If you’ve ever wanted to film your adventures from multiple angles at once, with no crews, no extra equipment, and no reshoots, look no further than the ATC Chameleon!
The groundbreaking ATC Chameleon action camera from Oregon Scientific has two built-in lenses that can shoot two videos simultaneously, capturing footage from a first-hand perspective as well as the action ahead. Whether capturing exhilarating action sports, or backyard family games, the ATC Chameleon is designed for both fun and convenience.
This new hands-free camera has two adjustable, built-in wide angle lenses, allowing users to shoot two videos simultaneously and in sync. The camera’s sleek, lightweight design was also honored with a prestigious red dot design award. The ATC Chameleon is currently available at several major national retailers including select Target, Best Buy and Costco locations.
The ATC Chameleon features two wide angle lenses that shoot video with a field of vision (FOV) of 170 degrees and a resolution of 1280 x 720 pixels at 30 frames per second. Ensuring special moments aren’t missed, a built-in Lithium Polymer re-chargeable battery can shoot up to two hours of continuous action. Other features include a built-in microphone and speaker, a micro SD card slot that supports up to 32GB of memory and a mounting system that can attach to most hard surfaces – helmets, bikes, snowboards, kayaks, baby carriages and more. Already splash-proof and ready for the road, the ATC Chameleon is fully compatible with all ATC mountings and can also be fitted in a special waterproof case (sold separately) for underwater adventures up to 60 meters (196 feet)!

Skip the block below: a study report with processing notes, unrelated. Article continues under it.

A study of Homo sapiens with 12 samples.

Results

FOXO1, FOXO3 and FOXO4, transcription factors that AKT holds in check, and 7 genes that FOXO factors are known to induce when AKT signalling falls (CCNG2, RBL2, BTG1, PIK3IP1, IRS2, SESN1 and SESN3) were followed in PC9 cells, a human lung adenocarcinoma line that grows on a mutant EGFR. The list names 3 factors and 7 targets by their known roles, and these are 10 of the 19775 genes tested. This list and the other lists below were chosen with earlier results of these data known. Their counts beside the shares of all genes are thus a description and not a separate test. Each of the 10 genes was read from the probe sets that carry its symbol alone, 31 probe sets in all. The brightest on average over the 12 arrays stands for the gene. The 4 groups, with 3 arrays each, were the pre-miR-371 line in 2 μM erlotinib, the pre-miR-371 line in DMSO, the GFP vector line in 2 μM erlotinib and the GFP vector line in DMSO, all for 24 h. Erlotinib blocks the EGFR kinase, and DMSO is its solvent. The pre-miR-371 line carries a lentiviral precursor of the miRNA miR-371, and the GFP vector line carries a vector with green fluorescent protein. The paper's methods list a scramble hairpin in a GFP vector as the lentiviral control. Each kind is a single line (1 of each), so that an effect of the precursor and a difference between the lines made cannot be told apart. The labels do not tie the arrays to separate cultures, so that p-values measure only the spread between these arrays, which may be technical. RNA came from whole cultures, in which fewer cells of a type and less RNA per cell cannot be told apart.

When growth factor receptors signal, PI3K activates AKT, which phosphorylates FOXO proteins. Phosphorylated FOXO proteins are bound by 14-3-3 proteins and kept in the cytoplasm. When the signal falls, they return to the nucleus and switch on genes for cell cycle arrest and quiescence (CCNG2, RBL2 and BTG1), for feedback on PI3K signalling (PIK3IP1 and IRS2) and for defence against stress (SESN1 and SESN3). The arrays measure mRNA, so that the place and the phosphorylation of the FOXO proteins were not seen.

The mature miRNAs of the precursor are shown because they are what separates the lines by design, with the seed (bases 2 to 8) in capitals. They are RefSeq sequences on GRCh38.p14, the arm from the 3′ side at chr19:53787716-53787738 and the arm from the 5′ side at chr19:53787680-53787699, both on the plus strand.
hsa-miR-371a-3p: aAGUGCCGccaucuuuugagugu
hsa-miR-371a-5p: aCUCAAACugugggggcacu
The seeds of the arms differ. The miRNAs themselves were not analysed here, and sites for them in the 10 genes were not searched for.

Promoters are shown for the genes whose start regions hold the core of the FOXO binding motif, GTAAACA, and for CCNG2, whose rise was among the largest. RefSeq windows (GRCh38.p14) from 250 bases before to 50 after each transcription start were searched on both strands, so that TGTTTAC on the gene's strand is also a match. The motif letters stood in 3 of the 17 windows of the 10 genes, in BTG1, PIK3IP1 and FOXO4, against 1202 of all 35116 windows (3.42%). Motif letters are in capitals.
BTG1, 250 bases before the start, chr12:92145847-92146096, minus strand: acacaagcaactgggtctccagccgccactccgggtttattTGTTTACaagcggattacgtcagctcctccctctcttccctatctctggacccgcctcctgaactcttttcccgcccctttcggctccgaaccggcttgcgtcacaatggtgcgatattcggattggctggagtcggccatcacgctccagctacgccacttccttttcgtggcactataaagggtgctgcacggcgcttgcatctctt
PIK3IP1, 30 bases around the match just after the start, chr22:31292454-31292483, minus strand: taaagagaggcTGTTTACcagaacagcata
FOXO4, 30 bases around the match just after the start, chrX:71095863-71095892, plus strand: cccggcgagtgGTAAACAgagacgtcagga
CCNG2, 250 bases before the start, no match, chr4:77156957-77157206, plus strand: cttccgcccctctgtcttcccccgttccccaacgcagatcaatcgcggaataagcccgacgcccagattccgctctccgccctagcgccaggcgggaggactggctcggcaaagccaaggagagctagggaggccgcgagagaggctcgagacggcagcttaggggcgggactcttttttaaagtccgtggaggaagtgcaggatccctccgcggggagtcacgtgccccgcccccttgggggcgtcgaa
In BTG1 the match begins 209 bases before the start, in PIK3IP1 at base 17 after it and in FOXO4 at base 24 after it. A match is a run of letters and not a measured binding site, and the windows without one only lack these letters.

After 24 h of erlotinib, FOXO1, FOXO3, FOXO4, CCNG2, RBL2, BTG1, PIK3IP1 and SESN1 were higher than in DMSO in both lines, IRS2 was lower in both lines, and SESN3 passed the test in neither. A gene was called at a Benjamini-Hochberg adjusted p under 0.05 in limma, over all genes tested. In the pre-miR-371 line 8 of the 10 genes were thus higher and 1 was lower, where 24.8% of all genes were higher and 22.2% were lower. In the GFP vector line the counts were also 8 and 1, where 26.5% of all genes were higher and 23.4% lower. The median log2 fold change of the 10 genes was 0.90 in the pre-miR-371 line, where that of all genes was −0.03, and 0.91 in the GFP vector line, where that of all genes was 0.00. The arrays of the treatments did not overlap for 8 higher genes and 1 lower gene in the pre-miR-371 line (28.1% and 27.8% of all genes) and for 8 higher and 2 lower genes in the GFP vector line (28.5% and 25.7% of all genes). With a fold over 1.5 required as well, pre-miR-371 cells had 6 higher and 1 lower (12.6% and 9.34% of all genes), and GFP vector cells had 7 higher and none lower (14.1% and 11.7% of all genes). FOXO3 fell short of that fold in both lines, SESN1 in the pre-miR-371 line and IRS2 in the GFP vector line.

The ATC Chameleon is currently available at Target, Best Buy, Meijer, Costco, and the Oregon Scientific store for a suggested retail price of $199.99. It comes complete with a mini USB charging cable and applicable software. Several mounts, a waterproof enclosure, and a required Micro SD card are each sold separately.
To learn more about the ATC Chameleon and its available accessories, and to see a video of the camera in action, check out us.oregonscientific.com/chameleon.